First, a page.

A couple of years ago, opponents of Donald Trump's presidential bid warned that a Trump presidency would be a crazy spectacle. Jeb Bush famously said that Mr. Trump was a chaos candidate who would be a chaos president.
Some even conjured various wild scenarios that might unfold under a President Trump. They said it might look something like this: As tensions flared in some hot spot -- the Middle East or maybe along the India-Pakistan border -- or as the president conducted perilous negotiations with, say, North Korea, he would be distracted or bedeviled with some sort of domestic scandal.
Well, I don't know if anybody predicted the specific details of Wednesday's cavalcade of crazy, but if they did, they should collect their door prize.
Michael Cohen, Mr. Trump's former "fixer" and vice president of the Trump Organization, owed his career to the fact that he would happily be his boss' pet snake. By his own admission, Mr. Cohen proudly did the president's "dirty deeds" (his words), likening himself to the Tom Hagen character in "The Godfather." He threatened anyone who crossed Mr. Trump, paid off inconvenient women, and boasted with a loser's false courage how he would take a bullet for his boss. He celebrated, with an alacrity rarely matched by Stalin's henchmen, his employer's near-superhuman genius and empathy.
Then, on Wednesday, he stopped by Congress before he heads to prison, shed his old skin the way snakes can, and tried on a new role of martyr and moralist. It's possible his professed redemption is sincere. It certainly seemed like it at times. But one needn't be a cynic to doubt it.
Regardless, Mr. Cohen's testimony seemed designed to simultaneously enrage the president in every way possible way and to ingratiate himself with his left-wing critics. Mr. Cohen impugned the president's character, his intelligence, honesty and wealth. He called Mr. Trump a draft-dodging racist and grifter. If I had to guess, his testimony was framed in the best way possible to compensate for the fact that Mr. Cohen could not corroborate the most extreme versions of the Russia-collusion theory, which is a political Holy Grail for Democrats and much of the media.
Meanwhile, Mr. Trump was in Hanoi, Vietnam -- a locale he studiously avoided visiting in his youth by claiming to have bone spurs -- to negotiate with the murderous dictator of North Korea, Kim Jong Un.
The summit, like the first one, was ill-considered. It rested on the assumption that Mr. Trump, the world's greatest dealmaker, could charm Mr. Kim and the North Korean regime out of its nuclear program. The worry from foreign-policy experts across much of the ideological spectrum was that Trump would blunder into a deal just for the sake of being able to declare victory. Rumored concessions leaked out in the media as if through an open faucet.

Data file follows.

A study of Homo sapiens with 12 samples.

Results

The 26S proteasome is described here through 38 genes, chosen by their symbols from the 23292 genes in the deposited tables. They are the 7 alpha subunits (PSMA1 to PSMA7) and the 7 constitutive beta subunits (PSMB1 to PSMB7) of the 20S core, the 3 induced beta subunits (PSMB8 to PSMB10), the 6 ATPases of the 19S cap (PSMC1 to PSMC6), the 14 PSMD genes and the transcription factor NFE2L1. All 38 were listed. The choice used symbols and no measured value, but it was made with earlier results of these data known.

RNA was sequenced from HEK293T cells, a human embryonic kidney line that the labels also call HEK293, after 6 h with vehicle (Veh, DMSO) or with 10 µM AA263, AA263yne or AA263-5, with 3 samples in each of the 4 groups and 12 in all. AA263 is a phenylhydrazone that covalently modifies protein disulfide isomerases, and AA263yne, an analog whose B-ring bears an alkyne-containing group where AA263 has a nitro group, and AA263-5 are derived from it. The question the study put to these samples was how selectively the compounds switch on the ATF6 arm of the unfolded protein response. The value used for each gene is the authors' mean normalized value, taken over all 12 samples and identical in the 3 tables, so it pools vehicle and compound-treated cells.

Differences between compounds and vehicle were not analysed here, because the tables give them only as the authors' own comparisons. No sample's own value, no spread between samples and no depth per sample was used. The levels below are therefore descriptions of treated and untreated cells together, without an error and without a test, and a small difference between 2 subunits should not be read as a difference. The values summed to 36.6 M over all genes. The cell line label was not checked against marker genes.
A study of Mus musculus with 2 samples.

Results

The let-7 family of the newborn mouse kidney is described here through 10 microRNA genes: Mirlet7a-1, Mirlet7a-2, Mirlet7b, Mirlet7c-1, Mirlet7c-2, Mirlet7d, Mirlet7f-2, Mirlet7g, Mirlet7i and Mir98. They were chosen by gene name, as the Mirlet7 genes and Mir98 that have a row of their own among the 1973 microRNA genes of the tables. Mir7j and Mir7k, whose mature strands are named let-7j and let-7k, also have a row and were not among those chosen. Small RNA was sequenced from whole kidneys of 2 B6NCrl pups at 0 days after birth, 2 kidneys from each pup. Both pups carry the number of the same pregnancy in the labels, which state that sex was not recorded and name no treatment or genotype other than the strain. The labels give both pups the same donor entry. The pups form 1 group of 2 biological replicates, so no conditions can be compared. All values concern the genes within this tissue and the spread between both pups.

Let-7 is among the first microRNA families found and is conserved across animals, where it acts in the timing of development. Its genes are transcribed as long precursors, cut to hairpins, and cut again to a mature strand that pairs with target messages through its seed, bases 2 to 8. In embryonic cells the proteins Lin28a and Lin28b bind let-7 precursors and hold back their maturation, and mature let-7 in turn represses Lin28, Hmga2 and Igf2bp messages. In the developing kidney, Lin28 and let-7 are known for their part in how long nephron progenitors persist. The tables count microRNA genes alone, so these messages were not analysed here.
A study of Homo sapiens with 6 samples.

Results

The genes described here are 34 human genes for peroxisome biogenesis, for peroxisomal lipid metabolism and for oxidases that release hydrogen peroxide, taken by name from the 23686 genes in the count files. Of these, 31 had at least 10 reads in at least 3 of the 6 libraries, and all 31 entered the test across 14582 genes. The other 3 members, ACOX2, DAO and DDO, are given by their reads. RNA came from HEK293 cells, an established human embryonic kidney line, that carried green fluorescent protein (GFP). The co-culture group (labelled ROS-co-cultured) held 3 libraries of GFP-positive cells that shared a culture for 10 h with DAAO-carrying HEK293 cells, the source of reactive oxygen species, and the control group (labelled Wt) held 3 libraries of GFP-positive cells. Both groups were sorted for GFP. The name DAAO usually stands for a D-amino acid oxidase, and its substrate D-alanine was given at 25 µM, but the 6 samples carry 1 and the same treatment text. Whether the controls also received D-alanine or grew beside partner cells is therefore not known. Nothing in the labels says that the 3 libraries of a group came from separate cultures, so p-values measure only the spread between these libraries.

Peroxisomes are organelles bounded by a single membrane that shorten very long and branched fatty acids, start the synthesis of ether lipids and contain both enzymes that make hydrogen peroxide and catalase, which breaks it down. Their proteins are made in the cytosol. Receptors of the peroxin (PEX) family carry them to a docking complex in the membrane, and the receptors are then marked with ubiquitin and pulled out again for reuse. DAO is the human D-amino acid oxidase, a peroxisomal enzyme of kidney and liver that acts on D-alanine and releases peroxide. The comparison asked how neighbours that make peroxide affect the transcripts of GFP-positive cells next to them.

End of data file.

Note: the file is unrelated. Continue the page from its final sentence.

And then, it didn't happen. The summit was a failure on its own terms, and ironically, that made it a kind of victory for Mr. Trump. The political tumult in Washington gave Mr. Trump every personal incentive to come up with any deal he could in order to change the subject and have something to boast about. This was, after all, part of the political rationale for his declaration of an emergency to build the wall at the border -- it changed the subject from his defeat in the post-government-shutdown budget deal.
I have long argued that the North Koreans can't be talked out of their nuclear program because their nuclear program is central to the rationale for the regime's entire existence. It would be like talking Hitler and the Nazi regime out of their desire for conquest and their obsessions with the Jews; it's simply the nature of the regime. You cannot reason a leopard to abandon its spots. It's doubtful Mr. Trump fully recognizes this yet, but that's irrelevant. He recognized enough: Any deal he could have gotten with Mr. Kim would have been worse than doing what he did -- walk away from the table. Whether he came to this conclusion on his own or was cajoled into it by Secretary of State Mike Pompeo and National Security Adviser John Bolton is irrelevant, too.
One can rightly bemoan or lament the fact that the Trump presidency made the Cohen spectacle possible in the first place. But that doesn't change the fact that the president defied political temptation and did the right thing.
Jonah Goldberg is a fellow at the American Enterprise Institute and a senior editor of National Review. His latest book is "The Suicide of the West." Email: firstname.lastname@example.org; Twitter: @JonahNRO.